Making your African violet Flower
THERE are a number of reasons for African violets refusing to flower. Although the most frequently quoted reason is “lack of light”, that is by no means the only possible reason. Consider the following, all of which are equally important.
SOUNDS complicated? Not really. A person who hasn’t satisfactory food, clothing and shelter won’t thrive either. Pot growing produces unnatural conditions for plants, and, where in the ground they may fend for themselves to some extent, in a pot you need to give them a helping hand. So here is what to do.
WILTING, yellow “off-colour” African violet plants can be caused by poor watering practices, insect infestation, and too little fertiliser, potting mix that holds too much water or is otherwise unsatisfactory. Plants that seem otherwise healthy but have a plethora of leaves growing in an untidy pattern choking the production of flowers just need a little grooming.
What to Do
1. Repot your plant. This will stimulate growth. Do it in the warmer months of the year, preferably spring.
When repotting, remove all crowns except the centre one, and outside leaves that are old, tired or unlikely to produce flowers. Remember that flowers will come from the axils of newly grown leaves.
Loosen the old potting mix away from the roots. Trim the roots so that the African violet can be replanted in a squat pot no wider than 100 mm (4 inches) across.
Any bare stem where leaves have been removed should be scraped gently to expose green tissue.
Repot in a clean pot with the bottom leaves level with the new potting mix. Best results will be achieved if African violets are repotted each year.
2. Keep your African violets evenly damp and fertilised to get satisfactory growth. The easy way to do this is by wick-watering. For a plant that has been repotted, use plain water for the first few weeks. After that, appropriate liquid fertiliser should be used, diluted in the water each time the plant is watered, or in the wick-watering reservoir. Fertilisers high in phosphorus promote flowering and should be preferred. There are many suitable African violet fertilisers on the market.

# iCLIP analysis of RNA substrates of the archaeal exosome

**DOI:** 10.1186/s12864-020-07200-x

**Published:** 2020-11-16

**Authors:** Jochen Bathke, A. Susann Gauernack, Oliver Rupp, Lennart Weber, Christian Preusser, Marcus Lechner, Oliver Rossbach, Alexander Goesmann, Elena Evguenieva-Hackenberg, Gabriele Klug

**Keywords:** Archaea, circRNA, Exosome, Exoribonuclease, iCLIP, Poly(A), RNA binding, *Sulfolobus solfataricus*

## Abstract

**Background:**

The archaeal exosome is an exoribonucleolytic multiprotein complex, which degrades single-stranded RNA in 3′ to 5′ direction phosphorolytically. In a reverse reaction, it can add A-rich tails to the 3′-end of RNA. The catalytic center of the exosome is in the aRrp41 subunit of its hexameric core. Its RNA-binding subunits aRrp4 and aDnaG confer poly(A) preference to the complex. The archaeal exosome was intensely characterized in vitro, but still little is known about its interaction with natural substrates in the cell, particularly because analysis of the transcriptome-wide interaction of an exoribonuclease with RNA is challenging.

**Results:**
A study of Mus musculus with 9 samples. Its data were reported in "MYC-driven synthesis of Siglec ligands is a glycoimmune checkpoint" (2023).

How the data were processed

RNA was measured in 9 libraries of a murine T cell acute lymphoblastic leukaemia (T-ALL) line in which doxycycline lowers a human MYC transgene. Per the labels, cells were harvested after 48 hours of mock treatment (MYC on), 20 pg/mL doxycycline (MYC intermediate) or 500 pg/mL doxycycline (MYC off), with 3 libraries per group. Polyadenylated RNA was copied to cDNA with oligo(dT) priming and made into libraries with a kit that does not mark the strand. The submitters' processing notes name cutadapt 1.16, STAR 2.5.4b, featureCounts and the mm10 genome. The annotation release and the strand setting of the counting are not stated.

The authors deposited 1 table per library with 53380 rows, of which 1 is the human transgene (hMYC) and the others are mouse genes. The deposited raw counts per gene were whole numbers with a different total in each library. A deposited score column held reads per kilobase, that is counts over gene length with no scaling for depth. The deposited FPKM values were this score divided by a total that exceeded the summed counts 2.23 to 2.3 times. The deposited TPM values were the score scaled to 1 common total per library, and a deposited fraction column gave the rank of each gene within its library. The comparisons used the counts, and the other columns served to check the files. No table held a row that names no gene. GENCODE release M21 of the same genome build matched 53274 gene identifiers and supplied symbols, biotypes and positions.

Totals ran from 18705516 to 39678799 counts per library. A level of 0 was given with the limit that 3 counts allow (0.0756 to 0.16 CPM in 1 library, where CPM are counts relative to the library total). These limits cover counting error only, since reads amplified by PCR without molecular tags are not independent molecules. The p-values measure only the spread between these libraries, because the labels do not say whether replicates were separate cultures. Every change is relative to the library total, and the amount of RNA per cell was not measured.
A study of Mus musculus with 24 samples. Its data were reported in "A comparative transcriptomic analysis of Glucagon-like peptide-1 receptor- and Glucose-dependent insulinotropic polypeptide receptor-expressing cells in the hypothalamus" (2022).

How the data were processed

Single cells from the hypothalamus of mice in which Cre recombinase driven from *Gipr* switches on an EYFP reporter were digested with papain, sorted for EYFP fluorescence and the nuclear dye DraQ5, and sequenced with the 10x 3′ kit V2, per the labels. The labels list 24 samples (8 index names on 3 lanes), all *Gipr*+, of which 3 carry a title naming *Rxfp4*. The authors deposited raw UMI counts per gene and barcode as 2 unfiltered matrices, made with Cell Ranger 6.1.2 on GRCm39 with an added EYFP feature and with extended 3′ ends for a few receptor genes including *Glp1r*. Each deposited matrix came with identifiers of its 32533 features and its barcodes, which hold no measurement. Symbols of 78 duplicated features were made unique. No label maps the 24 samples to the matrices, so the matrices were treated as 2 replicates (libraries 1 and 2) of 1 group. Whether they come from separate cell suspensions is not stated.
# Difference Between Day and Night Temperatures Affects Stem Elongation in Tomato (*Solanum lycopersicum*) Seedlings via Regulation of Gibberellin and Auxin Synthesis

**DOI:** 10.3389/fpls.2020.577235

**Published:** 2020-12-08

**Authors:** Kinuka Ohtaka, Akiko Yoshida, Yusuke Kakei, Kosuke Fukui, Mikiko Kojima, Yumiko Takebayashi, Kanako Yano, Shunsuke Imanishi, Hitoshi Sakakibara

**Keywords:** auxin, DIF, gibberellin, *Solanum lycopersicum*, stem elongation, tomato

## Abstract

3. Examine your African violets regularly for any signs of pests or disease. Common problems are thrip (in the flowers), mites (too small to be seen by the naked eye, they destroy the centre of the plant), and soil mealy bugs (slow moving creatures, which infest the root system, where they suck the sap of the plant).
If thrip are present in the flowers, remove all flowers and buds and keep them removed for a month or two to break the thrip cycle.
Plants suffering from mites or mealy bugs are better destroyed. A leaf may be taken for propagation. Disinfect and wash well before planting.
4. African violets are grown as indoor plants because they thrive in conditions similar to those enjoyed by most people. Temperatures of 18-25 degrees C. are ideal, but a much wider range than that can be endured. Humidity of at least 55% is satisfactory, but for reasonably short periods the plants can survive much lower. For adequate light, use the brightest position you can finding your home, just short of direct afternoon direct sun. Within 450 mm (18 inches) of a window is satisfactory. A lace curtain, venetian blinds or similar can be used to break up direct sun, so that the plants are not scorched.
This article appeared in of the Central Coast African Violet Club’s Newsletter, now disbanded.